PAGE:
When you first stepped on a pickleball court and before you made your first dink or first serve, you are assigned a rating. As a new player, you are generally rated from a range of 1.0-2.0. Your rating will increase as you improve and match the criteria established by USA Pickleball’s Definition of Playing Skills Rating.
Ratings are useful for organizing tournament brackets and they can serve as a guide for recreational players seeking comparable competition and venues to play. But some players get wrapped up in ratings like some school kids obsess about getting “A’s” on their report cards.
Listed below are five observations (and reservations) about player ratings:
1. For most recreational players, ratings represent their own subjective judgement as to how they perform. Not surprising, some (not many) players may over exaggerate their skills. Part of it may stem from ego; part of it may stem from a misunderstanding of what the rating entails. It’s similar to when employees and managers complete their yearly personal evaluations—they tend to exaggerate their skills and results.
2. Ratings are a moving target. Some players have been known to rate their skill levels higher on Meet-up profiles but lower it when they register for tournaments. Ratings are based on performance—it literally can move up and down based on how one plays within a day or time period. Ratings may not account for slumps or jumps in improved play.
3. There aren’t enough metrics behind the ratings. In football, a Quarterback receives his rating based on pass attempts, completions, yards passing and interceptions. In pickleball, it’s based on wins and losses on what some competitive players complain is an uneven playing field at times. At a competitive level, your doubles rating may be influenced by the performance of your partner, for better or worse. There really are no metrics for recreational players—-moving up is based on the player’s comfort and competitive levels.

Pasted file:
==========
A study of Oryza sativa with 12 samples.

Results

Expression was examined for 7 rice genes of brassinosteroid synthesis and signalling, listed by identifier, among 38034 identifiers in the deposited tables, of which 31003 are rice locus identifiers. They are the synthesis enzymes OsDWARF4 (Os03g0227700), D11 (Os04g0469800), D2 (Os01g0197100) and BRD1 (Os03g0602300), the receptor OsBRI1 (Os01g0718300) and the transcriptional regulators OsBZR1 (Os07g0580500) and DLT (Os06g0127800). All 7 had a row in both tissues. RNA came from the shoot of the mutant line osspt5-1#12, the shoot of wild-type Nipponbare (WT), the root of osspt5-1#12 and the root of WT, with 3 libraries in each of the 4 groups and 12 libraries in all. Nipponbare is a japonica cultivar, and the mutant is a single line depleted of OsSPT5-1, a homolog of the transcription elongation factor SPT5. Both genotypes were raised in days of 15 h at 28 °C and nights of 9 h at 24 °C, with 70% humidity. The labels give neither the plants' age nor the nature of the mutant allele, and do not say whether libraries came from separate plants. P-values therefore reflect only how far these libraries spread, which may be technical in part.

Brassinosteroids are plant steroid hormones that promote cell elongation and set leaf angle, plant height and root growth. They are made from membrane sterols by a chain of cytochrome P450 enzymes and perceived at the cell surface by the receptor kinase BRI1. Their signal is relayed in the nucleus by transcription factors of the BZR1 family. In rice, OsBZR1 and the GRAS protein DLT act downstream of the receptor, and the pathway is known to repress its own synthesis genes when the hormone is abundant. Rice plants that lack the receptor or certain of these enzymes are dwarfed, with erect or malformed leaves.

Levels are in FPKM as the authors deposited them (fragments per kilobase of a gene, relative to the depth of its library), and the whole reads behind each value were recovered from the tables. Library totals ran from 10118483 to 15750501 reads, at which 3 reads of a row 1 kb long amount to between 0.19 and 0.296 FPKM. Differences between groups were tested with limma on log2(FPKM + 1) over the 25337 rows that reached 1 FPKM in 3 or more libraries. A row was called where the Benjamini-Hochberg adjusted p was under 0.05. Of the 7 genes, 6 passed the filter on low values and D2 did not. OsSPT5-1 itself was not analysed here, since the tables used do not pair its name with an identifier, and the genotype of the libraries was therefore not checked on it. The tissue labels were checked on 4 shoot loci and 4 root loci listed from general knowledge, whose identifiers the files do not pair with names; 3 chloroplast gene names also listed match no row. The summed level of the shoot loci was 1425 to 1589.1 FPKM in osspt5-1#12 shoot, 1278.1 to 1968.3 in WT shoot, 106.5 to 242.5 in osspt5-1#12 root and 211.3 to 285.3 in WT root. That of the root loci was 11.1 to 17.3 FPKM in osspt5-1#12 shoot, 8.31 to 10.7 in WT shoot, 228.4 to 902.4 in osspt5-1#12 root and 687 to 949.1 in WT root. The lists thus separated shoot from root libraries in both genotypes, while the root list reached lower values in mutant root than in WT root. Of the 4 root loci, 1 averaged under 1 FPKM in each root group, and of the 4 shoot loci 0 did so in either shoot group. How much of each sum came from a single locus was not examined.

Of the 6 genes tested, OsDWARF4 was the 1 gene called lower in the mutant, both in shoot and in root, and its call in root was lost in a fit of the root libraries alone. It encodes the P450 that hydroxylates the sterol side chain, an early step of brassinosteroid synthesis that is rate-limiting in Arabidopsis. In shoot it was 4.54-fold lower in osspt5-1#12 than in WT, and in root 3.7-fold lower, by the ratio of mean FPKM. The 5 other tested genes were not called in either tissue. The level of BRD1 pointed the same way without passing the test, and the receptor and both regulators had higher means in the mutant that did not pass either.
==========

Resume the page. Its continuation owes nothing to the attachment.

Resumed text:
4.The ratings criteria established by the USA Pickleball’s Definition of Playing Skills Rating is not definitive or clear and is subject to interpretation. For example: what constitutes a “high majority of serves/returns” to achieve 4.0 status? 60%? 75? 90%? What does “understands fundamentals,” or “fundamental rules” as cited for 3.0s mean? The term “consistency” is used throughout all the ratings but that really is very subjective term and needs clarification.
5. The USA Pickleball’s Definition of Playing Skills Rating does not include the following for ranking: player’s fitness, mobility (court coverage) court awareness, hand speed, reaction time, athleticism etc. It has a very modest benchmark for footwork for a 4.5 rating…“Has good footwork and moves laterally, backward, and forward well.” I think the footwork criteria cited for 4.5 is an appropriate criteria at 3.5 and certainly no later than 4.0. In other sports, a player’s ranking (or draft status) is based primarily on physical attributes. Pickleball needs to consider adding those criteria.
USA Pickleball has initiated a project to improve the players rating system. However I think this project is more intended for tournament players as opposed to social or recreational play. The sport is young and as part of the growing pains, needs to add metrics for professional and tournament play as well as developing improved tracking of tournament player performance.
Ratings can be used to segregate players and venues. In some cases, it serves as a firewall to prevent a crossover of advanced beginners to intermediate play and advanced intermediate to advanced play. At some recreational meet-ups, organizers are creating their own rating system to discourage participants to play at their venues.
Pickleball is changing dramatically in terms of participants, exposure, and opportunities. Hopefully the “open” culture survives and that hubris, ego and greed does not change it.